I want to have success with Lion's Mane. I tried Oak logs some years ago and got nothing. I need info on using wood pellets and plastic bags (I have a large basement). This sounds like a faster way to get results than logs. Put me on to a link if you can or share your ideas.

    – Ken Graham
    Feb 24, 2018 at 23:48
  • I am aware of the long wait and I read somewhere that it could be lowered in a plastic bag / straw set up in a basement. That would sure beat waiting two years for a dud. PS- I saw False identity and thought they were referring to me. I tried to fix the problem for a long time, I'm new here.
    – Rick Smith
    Feb 26, 2018 at 13:23
  • fungi perfecti sells an indoor kit... that is based on alder chips and sawdust in a spawn bag... I suspect you could do the same thing... Jun 26, 2018 at 15:33

2 Answers 2


If this is your first time, I'd go with un-supplemented hardwood pellets.

  1. Order some spawn from a reputable vendor. I'd start with heavy inoculation rates, say 1:5 or better (ex. 1 lb, (or more) spawn to 5 lbs. of substrate)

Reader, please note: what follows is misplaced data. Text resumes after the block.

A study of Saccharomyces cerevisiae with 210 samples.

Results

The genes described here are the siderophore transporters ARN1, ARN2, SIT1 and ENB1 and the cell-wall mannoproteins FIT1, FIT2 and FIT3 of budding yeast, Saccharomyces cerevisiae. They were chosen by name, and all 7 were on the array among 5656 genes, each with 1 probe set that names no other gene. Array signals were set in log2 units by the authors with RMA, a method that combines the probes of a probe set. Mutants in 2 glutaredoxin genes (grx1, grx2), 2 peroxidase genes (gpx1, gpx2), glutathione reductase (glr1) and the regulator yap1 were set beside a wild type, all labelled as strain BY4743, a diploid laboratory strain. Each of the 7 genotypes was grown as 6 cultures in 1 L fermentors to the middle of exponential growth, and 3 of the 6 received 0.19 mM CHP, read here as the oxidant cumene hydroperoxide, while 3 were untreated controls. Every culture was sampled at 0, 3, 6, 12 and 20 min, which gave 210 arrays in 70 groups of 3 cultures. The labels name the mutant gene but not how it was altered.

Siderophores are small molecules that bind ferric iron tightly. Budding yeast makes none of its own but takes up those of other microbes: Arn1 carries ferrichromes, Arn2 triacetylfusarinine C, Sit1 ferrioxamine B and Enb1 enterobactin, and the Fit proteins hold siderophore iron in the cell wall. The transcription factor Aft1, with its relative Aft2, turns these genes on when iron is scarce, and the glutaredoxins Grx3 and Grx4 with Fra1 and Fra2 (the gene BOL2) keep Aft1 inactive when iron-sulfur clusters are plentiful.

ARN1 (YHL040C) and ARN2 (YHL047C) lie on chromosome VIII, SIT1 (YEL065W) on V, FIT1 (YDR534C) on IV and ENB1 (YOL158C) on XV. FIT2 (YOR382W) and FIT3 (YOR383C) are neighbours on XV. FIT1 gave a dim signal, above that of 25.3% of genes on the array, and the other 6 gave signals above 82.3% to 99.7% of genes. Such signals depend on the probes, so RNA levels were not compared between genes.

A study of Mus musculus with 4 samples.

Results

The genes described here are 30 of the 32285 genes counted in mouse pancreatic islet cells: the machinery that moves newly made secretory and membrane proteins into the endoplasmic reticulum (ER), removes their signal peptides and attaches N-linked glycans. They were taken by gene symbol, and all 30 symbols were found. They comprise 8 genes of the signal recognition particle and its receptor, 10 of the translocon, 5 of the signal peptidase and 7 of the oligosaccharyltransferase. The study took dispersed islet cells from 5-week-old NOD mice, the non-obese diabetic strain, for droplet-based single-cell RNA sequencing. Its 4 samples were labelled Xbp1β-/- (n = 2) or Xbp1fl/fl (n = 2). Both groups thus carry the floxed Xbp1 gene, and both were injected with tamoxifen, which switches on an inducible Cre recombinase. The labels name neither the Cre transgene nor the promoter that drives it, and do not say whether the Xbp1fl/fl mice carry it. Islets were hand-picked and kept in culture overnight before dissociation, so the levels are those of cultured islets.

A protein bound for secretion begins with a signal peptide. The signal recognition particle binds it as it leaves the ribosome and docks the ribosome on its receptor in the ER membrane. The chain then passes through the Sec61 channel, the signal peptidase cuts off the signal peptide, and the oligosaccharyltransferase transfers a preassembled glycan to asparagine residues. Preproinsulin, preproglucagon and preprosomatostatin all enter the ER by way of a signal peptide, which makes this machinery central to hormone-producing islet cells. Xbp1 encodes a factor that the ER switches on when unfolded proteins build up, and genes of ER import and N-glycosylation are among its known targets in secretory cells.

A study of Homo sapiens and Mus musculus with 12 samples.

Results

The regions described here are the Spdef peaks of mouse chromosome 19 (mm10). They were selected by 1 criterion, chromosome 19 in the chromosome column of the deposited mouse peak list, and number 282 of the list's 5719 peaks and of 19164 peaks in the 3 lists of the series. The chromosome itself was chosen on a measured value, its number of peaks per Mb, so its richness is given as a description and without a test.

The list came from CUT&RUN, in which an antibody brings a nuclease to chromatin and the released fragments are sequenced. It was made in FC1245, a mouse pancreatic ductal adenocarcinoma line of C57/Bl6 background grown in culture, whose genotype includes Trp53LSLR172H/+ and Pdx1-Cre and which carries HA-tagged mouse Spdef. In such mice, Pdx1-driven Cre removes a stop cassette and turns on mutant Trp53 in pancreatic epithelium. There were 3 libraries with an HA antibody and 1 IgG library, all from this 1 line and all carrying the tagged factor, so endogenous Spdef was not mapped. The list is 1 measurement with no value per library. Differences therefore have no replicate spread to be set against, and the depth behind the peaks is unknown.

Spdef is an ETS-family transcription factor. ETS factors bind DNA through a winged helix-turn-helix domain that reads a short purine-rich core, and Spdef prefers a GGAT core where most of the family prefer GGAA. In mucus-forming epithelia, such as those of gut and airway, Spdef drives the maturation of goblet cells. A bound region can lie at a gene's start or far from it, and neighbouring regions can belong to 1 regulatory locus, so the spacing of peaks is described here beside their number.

2. Prepare your substrate. This page will get you going in the right direction.
  3. I have had pretty good results with lion's mane (and various oysters) using the non-sterile method outlined by Dr. Rush Wayne in his detailed booklet "Growing Mushrooms the Easy Way." The photo below shows the results of one of my early grows on un-supplemented hardwood pellets using Dr. Wayne's peroxide method. Those are small baskets lined with thin plastic bags. They contained about 12lbs of substrate/spawn at a ratio of about 1:10 or so. This required no sterile technique, no special equipment, and the substrate was just hardwood fuel pellets with a few tablespoons of gypsum.
  4. I do now use sterilized supplemented hardwood pellet blocks because they give better and faster results (fruit within a month rather than 2 months if I recall correctly). But it is a lot more work and requires a lot more equipment. But I attribute my continued interest in cultivation to those early successes I had with the peroxide method.